International Bottled Water Association | IMMEDIATE RELEASE | December 8, 2009
Bottled Water Containers Recycling Rate Rose to 31% in 2009
ALEXANDRIA, VA—The national recycling rate for PET plastic bottled water containers (.5 liter or 16.9 ounce size and 3 and 5 gallon PET water cooler bottles for Home and Office Delivery) now stands at 31% for 2009, according to new data from two new studies: “2009 Post Consumer PET Bottle Bale Composition Analysis” and “2009 Report on PET Water Bottle Recycling,” both produced by the National Association for PET Container Resources (NAPCOR) for the International Bottled Water Association (IBWA). The 2009 recycling rate is up only slightly since last year, which was 30.9% but a welcome continuation of steady annual increases in the recycling trend line since this analysis commenced in 2004, when the recycling rate for PET plastic bottled water containers stood at 16.62%. The 2009 data indicates that the recycling rate for PET plastic bottled water containers has nearly doubled in five years.
NAPCOR data indicates there were 1,298 million pounds of PET bottled water containers available for recycling in 2009. Currently, 25.2% of PET plastic recovered from all plastic bottles (food, beverages, etc.) is specifically derived from bottled water containers. Using data compiled during an extensive bale composition study in 15 locations in 14 states, the 2009 NAPCOR PET analysis determined that the total number of pounds of all PET bottles and jars available in the United States for recycling in 2009 was 5.149 billion pounds, representing a 4% drop from 2008 data analysis. The decrease is attributed to adverse economic circumstances for consumers, a reduction in the amount of PET resin used in bottles and jars (known as light-weighting) and a 37% increase in the use of recycled PET resin (RPET) since 2008. In 2009, the gross recycling rate for all PET bottles is 28%, a one percent increase over 2008’s recycling rate of 27%.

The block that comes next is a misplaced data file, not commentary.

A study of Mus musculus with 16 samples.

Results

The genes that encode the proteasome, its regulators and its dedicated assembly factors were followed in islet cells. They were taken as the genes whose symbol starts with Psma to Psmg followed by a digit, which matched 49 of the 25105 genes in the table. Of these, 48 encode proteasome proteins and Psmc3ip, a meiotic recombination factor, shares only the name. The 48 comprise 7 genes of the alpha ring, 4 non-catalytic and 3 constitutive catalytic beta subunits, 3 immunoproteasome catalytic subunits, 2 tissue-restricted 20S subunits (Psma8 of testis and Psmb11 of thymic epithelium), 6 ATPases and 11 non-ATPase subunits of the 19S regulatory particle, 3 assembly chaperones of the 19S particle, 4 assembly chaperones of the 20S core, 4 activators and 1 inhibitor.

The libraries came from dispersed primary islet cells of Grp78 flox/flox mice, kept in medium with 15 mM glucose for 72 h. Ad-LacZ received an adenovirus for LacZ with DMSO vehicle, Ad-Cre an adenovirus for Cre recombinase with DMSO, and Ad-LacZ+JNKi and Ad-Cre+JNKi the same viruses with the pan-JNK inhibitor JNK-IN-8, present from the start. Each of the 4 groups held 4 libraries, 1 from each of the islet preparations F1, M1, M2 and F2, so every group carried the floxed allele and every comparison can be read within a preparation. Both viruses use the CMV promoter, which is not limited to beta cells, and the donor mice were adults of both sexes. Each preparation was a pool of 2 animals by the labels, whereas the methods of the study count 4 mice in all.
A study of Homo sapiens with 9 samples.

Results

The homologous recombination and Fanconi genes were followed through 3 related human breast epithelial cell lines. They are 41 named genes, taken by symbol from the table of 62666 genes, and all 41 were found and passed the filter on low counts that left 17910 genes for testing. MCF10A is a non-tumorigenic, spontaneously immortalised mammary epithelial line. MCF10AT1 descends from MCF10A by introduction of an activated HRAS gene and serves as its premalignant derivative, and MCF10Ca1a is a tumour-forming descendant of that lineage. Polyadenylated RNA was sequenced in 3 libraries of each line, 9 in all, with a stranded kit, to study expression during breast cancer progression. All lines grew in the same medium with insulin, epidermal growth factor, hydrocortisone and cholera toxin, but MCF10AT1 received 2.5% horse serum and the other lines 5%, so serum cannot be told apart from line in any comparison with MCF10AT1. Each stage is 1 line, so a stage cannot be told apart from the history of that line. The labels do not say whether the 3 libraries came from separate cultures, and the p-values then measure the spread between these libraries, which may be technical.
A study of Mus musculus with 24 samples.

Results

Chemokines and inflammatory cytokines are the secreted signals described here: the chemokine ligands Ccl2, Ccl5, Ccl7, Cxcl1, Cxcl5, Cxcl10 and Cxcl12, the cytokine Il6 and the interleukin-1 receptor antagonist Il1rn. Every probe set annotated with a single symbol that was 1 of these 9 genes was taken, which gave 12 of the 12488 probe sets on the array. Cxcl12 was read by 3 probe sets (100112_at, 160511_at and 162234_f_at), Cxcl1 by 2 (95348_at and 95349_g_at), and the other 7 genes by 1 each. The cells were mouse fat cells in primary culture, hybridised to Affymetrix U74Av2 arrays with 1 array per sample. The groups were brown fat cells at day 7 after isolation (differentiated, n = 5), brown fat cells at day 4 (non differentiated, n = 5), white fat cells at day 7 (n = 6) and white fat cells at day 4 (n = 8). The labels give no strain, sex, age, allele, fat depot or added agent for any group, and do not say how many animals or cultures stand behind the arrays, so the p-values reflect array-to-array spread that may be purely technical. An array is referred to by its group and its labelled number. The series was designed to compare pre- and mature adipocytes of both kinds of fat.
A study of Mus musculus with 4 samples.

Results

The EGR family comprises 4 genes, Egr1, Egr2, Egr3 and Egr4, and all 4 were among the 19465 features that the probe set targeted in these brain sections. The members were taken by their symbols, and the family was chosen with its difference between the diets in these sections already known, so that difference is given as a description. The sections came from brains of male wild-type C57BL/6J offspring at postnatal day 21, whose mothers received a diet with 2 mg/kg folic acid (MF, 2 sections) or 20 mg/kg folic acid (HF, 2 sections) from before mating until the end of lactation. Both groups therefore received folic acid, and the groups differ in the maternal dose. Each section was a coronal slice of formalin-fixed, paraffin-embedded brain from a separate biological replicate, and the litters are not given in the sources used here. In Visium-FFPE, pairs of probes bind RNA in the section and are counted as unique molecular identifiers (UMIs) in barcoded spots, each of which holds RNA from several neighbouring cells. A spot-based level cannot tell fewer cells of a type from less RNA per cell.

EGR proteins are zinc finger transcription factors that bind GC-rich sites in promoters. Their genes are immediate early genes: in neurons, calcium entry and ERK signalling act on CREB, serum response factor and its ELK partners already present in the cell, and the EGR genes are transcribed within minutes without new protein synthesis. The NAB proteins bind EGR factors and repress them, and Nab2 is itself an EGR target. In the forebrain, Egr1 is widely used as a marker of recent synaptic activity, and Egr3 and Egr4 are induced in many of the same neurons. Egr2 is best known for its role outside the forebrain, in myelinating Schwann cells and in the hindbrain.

“Recycling rates for bottled water containers had a modest but positive increase in 2009; steady as we go,” said Tom Lauria, Vice President of Communications at IBWA. “We’re glad to see a significant, 37% jump in the use of RPET, both in bottled water products and PET bottles in general. The doubling of the recycling rates for bottled water containers over the past five years is encouraging but also a reminder that more needs to be done to expand recycling efforts and collection methods across the country. It’s clear that bottled water recycling rates are consistently heading in the right direction year after year, while delivering the convenience, safety and refreshing hydration that made bottled water one of the most popular packaged beverages.
In addition to FDA regulations, IBWA member bottlers must adhere to the IBWA Bottled Water Code of Practice, which mandates additional standards and practices that in some cases are more stringent than federal and state regulations. A key feature of the IBWA Bottled Water Code of Practice is a mandatory annual plant inspection by an independent, third-party organization.
IBWA is proud to be a partner with Keep America Beautiful and a supporter of Drink Up, an initiative of former First Lady Michelle Obama and the Partnership for a Healthier America (PHA), which encourages Americans to drink more water more often – whether from the tap, a filter, or in a bottle. Choosing water is always the healthy choice.